1. Dominika M Zoltowska1,
  2. Yashwant Agrawal2,
  3. Guramrinder Singh Thind1,
  4. Jagadeesh K Kalavakunta3
  1. 1 Department of Internal Medicine, Western Michigan University School of Medicine, Kalamazoo, Michigan, USA
  2. 2 Department of Internal Medicine and Pediatrics, Western Michigan University Homer Stryker School of Medicine, Kalamazoo, Michigan, USA
  3. 3 Department of Cardiology, Borgess Medical Center, Kalamazoo, Michigan, USA
  1. Correspondence to Dr Dominika M Zoltowska, dominika.zoltowska{at}med.wmich.edu


A 45-year-old man with known history of coronary artery disease and bicuspid aortic valve (BAV) (figure 1) was admitted for worsening symptoms of angina. Coronary angiogram showed single coronary artery arising from the left cusp, trifurcating into right coronary artery, left anterior descending (LAD) and left circumflex artery (LCx) (figure 2). No course of the left main coronary artery between the aortic root and the pulmonary artery was noted. There was obstructive disease in proximal LAD (70%), first diagonal artery (80%) and proximal LCx (70%). Peak gradient of 51 mm Hg across the BAV was registered. He underwent bypass graft surgery along with an aortic valve replacement successfully.

Figure 1

Transoesophageal echocardiogram. Parasternal short axis view revealing bicuspid aortic valve (BAV). Red arrows pointing at aortic valve cusps.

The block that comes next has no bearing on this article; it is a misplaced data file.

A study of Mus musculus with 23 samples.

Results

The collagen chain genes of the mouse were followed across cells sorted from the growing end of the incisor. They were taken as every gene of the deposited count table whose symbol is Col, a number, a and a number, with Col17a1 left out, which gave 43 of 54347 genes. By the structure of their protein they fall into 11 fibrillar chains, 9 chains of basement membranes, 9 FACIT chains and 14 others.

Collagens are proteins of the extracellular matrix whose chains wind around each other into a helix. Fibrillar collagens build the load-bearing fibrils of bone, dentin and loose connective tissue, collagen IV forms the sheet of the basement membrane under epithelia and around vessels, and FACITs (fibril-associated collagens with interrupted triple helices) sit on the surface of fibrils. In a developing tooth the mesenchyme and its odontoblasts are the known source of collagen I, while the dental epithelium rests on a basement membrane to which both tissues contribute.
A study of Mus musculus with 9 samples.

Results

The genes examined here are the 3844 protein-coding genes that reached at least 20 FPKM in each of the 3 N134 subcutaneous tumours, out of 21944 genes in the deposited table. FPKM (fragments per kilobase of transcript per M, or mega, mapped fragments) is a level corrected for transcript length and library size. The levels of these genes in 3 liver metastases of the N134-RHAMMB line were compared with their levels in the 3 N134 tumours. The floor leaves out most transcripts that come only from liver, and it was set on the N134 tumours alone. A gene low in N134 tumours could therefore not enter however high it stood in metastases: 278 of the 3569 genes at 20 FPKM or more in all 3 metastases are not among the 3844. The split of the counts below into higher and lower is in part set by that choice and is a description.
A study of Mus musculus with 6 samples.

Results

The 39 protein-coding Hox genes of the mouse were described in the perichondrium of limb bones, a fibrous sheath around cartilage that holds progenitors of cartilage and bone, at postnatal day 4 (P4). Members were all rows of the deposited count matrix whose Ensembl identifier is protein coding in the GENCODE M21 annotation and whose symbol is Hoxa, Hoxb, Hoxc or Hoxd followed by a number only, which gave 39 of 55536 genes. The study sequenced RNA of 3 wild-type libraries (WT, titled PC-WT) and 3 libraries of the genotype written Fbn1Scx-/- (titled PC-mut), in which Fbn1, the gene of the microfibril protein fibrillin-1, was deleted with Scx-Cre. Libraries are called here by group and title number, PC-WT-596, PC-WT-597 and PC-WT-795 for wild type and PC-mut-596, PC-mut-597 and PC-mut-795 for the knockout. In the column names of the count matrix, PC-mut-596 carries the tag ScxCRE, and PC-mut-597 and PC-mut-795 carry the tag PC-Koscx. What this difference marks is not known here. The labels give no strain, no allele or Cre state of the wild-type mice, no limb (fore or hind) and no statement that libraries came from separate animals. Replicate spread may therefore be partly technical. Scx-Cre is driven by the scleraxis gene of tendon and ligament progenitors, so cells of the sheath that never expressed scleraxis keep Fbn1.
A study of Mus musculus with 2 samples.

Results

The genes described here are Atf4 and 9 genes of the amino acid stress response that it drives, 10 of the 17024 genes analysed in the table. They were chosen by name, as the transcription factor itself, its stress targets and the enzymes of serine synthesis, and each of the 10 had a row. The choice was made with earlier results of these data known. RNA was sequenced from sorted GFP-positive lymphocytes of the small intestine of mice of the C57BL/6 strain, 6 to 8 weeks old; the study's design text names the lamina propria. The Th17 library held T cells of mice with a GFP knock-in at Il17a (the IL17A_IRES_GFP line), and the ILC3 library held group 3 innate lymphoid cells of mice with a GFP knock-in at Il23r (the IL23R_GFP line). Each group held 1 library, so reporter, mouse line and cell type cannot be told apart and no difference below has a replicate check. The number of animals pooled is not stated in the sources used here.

Figure 2

(A) Left anterior oblique (LAO) caudal view. (B) Right anterior oblique (RAO) caudal view. (C) Anterior-posterior (AP) cranial view. LAD, left anterior descending artery; LCx, left circumflex artery; RCA, right coronary artery.

Single coronary artery is an extremely rare condition with a prevalence ranging from 0.0024% to 0.044%. This variance may be associated with another congenital heart diseases, decreased myocardial perfusion and increased risk of sudden cardiac death.1 Identification of anomalous coronary arteries (ACA) before planned surgery is crucial as it may carry significant technical difficulties. It is also important to recognise the malignant course of ACA as it warrants further evaluation.2

Learning points

  • Association between anomalous coronary arteries and other congenital heart disease.

  • The importance of recognition of the anomalous coronary arteries anatomy.

References


  • Contributors DMZ, YA, GST and JK were the physicians in charge of the patient throughout hospitalisation and follow-up. DMZ and JK were responsible for performing, diagnosing and discussing the imaging studies of the patient. DMZ prepared the manuscript draft, which was critically revised by YA, GST and JK and approved by all authors.

  • Funding The authors have not declared a specific grant for this research from any funding agency in the public, commercial or not-for-profit sectors.

  • Competing interests None declared.

  • Patient consent Obtained.

  • Provenance and peer review Not commissioned; externally peer reviewed.